Design & Development

Oakland A’s submit application for Vegas move

Featured image credit: Sung Shin on Unsplash

Featured image credit: Sung Shin on Unsplash

John Fisher, owner of Major League Baseball’s Oakland Athletics, has confirmed that the team has submitted an application to relocate to Las Vegas.

Fisher confirmed the news in an interview with the Las Vegas Review-Journal, and also revealed that he has not considered selling the team despite fan protests over the proposed relocation to Las Vegas.

The A’s are planning on building a new 30,000-capacity ballpark in Las Vegas, and earlier this week the team selected Mortenson-McCarthy as the construction manager for the stadium. The joint venture built Allegiant Stadium, home of the NFL’s Las Vegas Raiders.

The team’s relocation from Oakland to Las Vegas requires approval from Major League Baseball. In June, Nevada Governor Joe Lombardo signed off on a bill that will provide up to $380m (£300m/€350m) in public funding for the stadium, setting up what will likely be a months-long process for MLB to approve the franchise’s relocation.

In a rare interview, Fisher has now confirmed that the application has been submitted but the timeline for approval remains unclear.

“We just recently submitted our relocation application,” Fisher said. “The commissioner (Robert Manfred) has established a relocation committee that is going to review that, and it will then make its way to the other committees that will be reviewing it, and then to the full group of owners to vote on it.

“This is not new. Since we started looking at Las Vegas, we have been working closely with the commissioner and our fellow owners to make sure people were really up to speed on where things were on the timeline of our project in Las Vegas.

“My hope is that this will get accomplished sometime soon, but I don’t want to put a timeline on that, because that timeline is really governed by the commissioner and by our fellow owners.”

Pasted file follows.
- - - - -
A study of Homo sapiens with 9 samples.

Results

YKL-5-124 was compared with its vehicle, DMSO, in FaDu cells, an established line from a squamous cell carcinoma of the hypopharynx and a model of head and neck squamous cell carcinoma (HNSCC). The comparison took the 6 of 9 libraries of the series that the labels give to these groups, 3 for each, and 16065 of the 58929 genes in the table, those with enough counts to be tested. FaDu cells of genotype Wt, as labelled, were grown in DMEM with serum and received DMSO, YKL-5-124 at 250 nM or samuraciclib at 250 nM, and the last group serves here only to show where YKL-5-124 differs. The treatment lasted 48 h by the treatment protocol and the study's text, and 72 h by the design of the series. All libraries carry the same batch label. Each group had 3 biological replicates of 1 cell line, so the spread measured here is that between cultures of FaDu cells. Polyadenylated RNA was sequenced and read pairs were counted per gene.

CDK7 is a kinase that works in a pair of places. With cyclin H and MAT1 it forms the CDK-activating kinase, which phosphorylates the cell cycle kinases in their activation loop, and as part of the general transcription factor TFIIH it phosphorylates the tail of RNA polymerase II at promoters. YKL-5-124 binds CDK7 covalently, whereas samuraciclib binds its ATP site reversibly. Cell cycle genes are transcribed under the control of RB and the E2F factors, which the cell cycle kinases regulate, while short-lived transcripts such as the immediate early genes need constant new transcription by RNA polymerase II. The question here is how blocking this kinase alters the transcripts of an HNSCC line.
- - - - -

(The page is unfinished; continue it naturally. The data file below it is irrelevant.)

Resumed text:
The A’s have reached a binding agreement with Bally’s Corporation and Gaming & Leisure Properties Inc. (GLPI) to build a new ballpark on the Tropicana hotel site. Bally’s is providing the A’s with nine acres of the 35-acre site free of charge, with chairman Soo Kim having estimated the plot is worth $180m.

The team’s relocation has been met with opposition from fans. In June, during the team’s home game against the Tampa Bay Rays at the Coliseum, A’s supporters enacted their long-planned Reverse Boycott scheme, designed to protest against Fisher and demonstrate to MLB the club’s fan base in Oakland.

Fans chanted “Sell, Sell”, while banners at the Coliseum included “Vegas Beware,” “ManFraud,” and “Fisher Out”. Some 27,759 fans were in attendance, the A’s largest home crowd of the season and more than triple the team’s home average of 8,555.

Despite the protests, Fisher told the Review-Journal that he has not considered selling the team. “I’ve now owned the team with my partner Lew Wolff, it’s shocking really how the time flies, but since 2005,” he said. “Our goal since then has been to find a new home and build a new home for our team.

“Long-term, I think we’ve understood, and looking at the great success stories of new ballparks throughout baseball, I think all but four ballparks in baseball are new since the early ‘80s. Led by (Baltimore’s) Camden Yards, going through the great facility Atlanta has built. It’s been clear to us that we need a new home, but it’s taken us a long time.

“We’re super excited about where we are today with the new stadium we’re going to build, which I think is going to be iconic for the Strip. We think it’s going to be great for the community, and which we think is going to be great for not only the A’s and our fans, but for all of baseball and really of sports.”

The A’s hope to break ground on the project next year, with a view to opening the stadium in time for the 2027 MLB season.

The A’s would become the third major-league franchise to leave Oakland in the space of five years, after the Raiders moved to Las Vegas in 2020 and the NBA’s Golden State Warriors moved to San Francisco in 2019. Las Vegas is also home to the NHL’s Golden Knights, which play at T-Mobile Arena.